Spinning Kitchens Sliding Walls
“When the kitchen rotates, the wires rotate with it.”
Richard Janvier, an industrial design major from UB’s Shintaro Akatsu School of Design (SASD), stood in front of a rendering of a studio apartment that was displayed on a massive movie screen at the Bijou Theater in downtown Bridgeport. It was early May, and Janvier and his SASD classmates were presenting ideas for apartments they had designed at the behest of local developer Philip Kuchma. As Janvier pointed out certain features—walls that opened to reveal hidden closets, counters that dropped to be level with someone in a wheelchair, and spinning kitchens —Kuchma smiled broadly. He’s slated to build a 50-unit apartment building at 285 Golden Hill Avenue in Bridgeport and fill it with 300-, 600-, and 750-square-foot studios marketed to 20-somethings—young professionals and graduate students not unlike Janvier and his classmates. Which is why they were up on stage. Kuchma had tapped them for design ideas
because, he said, “they’d have some interesting input” about making the building as appealing to young buyers as possible.
“There are a lot of young adults who haven’t lived by themselves, who moved back in with their parents, because housing has been too expensive and the job market hasn’t been great,” said Kuchma. “When they do move out, they aren’t as eager to share apartments as before.”
In Bridgeport they wouldn’t have to, he adds. Kuchma bought his first property in the city in the early 1970s, and since then, he has reopened or built a string of sites, including the once-shuttered Bijou and various downtown condos, retail spaces, and restaurants. With its lower prices, commute-friendly location, and culture, Kuchma thinks the time’s never been better for the city. To get others on board, he’s invited members of the media and roughly 130 city officials, architects, engineers, developers, and other civic leaders to the SASD presentations.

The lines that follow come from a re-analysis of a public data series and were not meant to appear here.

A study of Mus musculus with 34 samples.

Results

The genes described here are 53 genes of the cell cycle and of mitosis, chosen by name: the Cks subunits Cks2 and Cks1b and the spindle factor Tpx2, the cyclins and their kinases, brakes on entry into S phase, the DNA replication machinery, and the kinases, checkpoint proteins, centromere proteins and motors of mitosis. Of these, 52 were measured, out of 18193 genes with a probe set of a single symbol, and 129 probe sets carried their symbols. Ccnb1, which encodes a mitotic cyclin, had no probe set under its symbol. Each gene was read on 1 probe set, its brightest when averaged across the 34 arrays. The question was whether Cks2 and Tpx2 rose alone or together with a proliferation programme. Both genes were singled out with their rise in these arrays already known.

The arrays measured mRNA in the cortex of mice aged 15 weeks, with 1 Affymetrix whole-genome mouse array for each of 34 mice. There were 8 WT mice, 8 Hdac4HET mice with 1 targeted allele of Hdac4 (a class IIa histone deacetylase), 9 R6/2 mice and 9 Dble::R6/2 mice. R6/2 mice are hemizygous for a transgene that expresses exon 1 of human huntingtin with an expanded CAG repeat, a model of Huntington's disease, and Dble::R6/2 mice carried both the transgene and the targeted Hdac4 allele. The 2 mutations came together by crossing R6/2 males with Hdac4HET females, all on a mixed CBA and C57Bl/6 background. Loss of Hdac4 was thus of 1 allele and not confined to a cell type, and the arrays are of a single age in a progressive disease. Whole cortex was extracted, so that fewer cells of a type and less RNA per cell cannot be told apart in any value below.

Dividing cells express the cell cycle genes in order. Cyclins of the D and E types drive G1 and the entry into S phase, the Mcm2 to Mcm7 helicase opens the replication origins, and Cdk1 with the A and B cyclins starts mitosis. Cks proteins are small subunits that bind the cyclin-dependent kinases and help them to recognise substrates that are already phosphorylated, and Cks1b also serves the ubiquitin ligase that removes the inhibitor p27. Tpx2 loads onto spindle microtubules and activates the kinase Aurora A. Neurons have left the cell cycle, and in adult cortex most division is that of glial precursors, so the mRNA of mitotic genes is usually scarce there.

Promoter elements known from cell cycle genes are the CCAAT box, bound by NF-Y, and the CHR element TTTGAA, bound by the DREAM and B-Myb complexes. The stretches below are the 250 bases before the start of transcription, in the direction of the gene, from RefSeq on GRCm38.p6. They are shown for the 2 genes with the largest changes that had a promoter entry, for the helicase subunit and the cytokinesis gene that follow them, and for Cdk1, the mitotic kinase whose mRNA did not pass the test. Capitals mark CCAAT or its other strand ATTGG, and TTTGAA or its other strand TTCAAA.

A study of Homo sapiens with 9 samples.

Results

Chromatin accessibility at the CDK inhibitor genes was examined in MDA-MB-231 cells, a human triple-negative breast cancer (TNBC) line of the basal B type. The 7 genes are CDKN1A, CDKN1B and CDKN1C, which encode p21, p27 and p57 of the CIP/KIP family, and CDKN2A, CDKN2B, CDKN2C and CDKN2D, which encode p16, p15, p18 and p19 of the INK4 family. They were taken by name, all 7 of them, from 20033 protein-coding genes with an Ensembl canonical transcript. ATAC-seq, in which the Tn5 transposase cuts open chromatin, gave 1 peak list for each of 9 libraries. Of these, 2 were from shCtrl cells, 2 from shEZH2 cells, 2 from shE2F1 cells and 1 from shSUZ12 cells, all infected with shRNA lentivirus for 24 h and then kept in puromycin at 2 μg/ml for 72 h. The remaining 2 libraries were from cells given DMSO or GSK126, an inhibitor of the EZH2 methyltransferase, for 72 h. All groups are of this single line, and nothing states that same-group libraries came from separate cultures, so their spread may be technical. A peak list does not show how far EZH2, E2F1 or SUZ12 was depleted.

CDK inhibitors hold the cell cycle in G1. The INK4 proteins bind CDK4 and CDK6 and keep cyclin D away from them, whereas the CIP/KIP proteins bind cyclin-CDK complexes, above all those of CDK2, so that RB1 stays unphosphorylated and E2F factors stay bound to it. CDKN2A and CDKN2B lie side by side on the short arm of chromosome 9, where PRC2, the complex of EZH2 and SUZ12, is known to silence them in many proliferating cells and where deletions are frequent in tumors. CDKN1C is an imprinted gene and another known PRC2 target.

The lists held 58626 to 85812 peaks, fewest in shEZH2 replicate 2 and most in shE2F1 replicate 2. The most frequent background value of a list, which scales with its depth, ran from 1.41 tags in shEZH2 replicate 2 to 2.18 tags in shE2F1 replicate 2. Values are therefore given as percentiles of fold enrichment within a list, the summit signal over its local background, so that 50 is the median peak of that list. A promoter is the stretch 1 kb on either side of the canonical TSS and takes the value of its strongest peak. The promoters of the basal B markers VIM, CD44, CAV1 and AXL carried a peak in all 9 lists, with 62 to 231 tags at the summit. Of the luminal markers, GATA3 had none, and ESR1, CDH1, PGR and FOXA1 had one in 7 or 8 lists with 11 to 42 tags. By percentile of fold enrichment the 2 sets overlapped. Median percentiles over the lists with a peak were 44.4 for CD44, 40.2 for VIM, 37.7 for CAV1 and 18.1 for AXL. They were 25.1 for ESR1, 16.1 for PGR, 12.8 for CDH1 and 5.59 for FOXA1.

Kuchma first told Interior Design Chairman John Kandalaft and his students about the Golden Hill apartments in early spring. A few weeks later he returned to SASD and was presented with students’ design concepts. They featured different apartment layouts, specially designed appliances and hardware, and graphics for publicity materials to building signage. “I was very, very positively impressed,” he says. Led by Kandalaft, interior design students recruited peers from the industrial and graphic design departments in order to develop as many concepts as possible.
“The direction that was given to the students was, ‘Create a flexible, open environment,’” said Kandalaft. Ideas came from buildings in Japan, China, and from Habitat 67, the iconic prefabricated community in Montreal by architect Moshe Safdie, who dared to take 354 identical block-like forms of concrete and rearrange them to create 146 residences differing in size and configuration. Habitat 67 still makes headlines today. (A May 2013 article in the Financial Times called it “one of the weirdest, most memorable and most futuristic housing schemes ever built.”)
SASD students did rearranging of their own, too, replacing sheet rock and wood studs with sliding glass walls, fold-down beds that transform sleeping areas into living spaces, and moveable cabinetry and closets that “create a spacious feeling within an existing envelope because we’re working with 300-, 600-, and 750-foot studios,” said interior-design major Patricia Herson.
“We wanted to create new ways of looking at the space that meet the needs of young, emerging professionals or graduate students that are efficient, adaptable, and flexible,” Herson added.
Eat-in kitchens, the heart of many single-family homes, were shrunk, tucked away, or completely reconfigured because they devoured too much studio space and were largely unnecessary for the 20-somethings Kuchma sought to attract. Appliances, lighting, door sliders, and other fixtures were created by industrial design majors. Meanwhile, graphic design students developed marketing and brand materials, from logos to building signage, and publicity brochures.
Those who saw the presentations at the Bijou seemed receptive to their proposals. “As a resident of a one-bedroom condo with a one-year-old baby, I ran home with ideas from the presentations to my wife with the hopes of implementing some of them ourselves,” said David Kooris, director of planning and economic development for Bridgeport. “The students generated ideas that I believe will evolve from fringe design to mainstream a Americans struggle to balance increasing housing and energy costs with quality-of-life desires.”
Kuchma agreed: “One design showed an area that was a circle with one half for the kitchen and one for entertainment,” he said. “You spin it depending on what you need. Those kinds of ideas don’t fall on deaf ears.”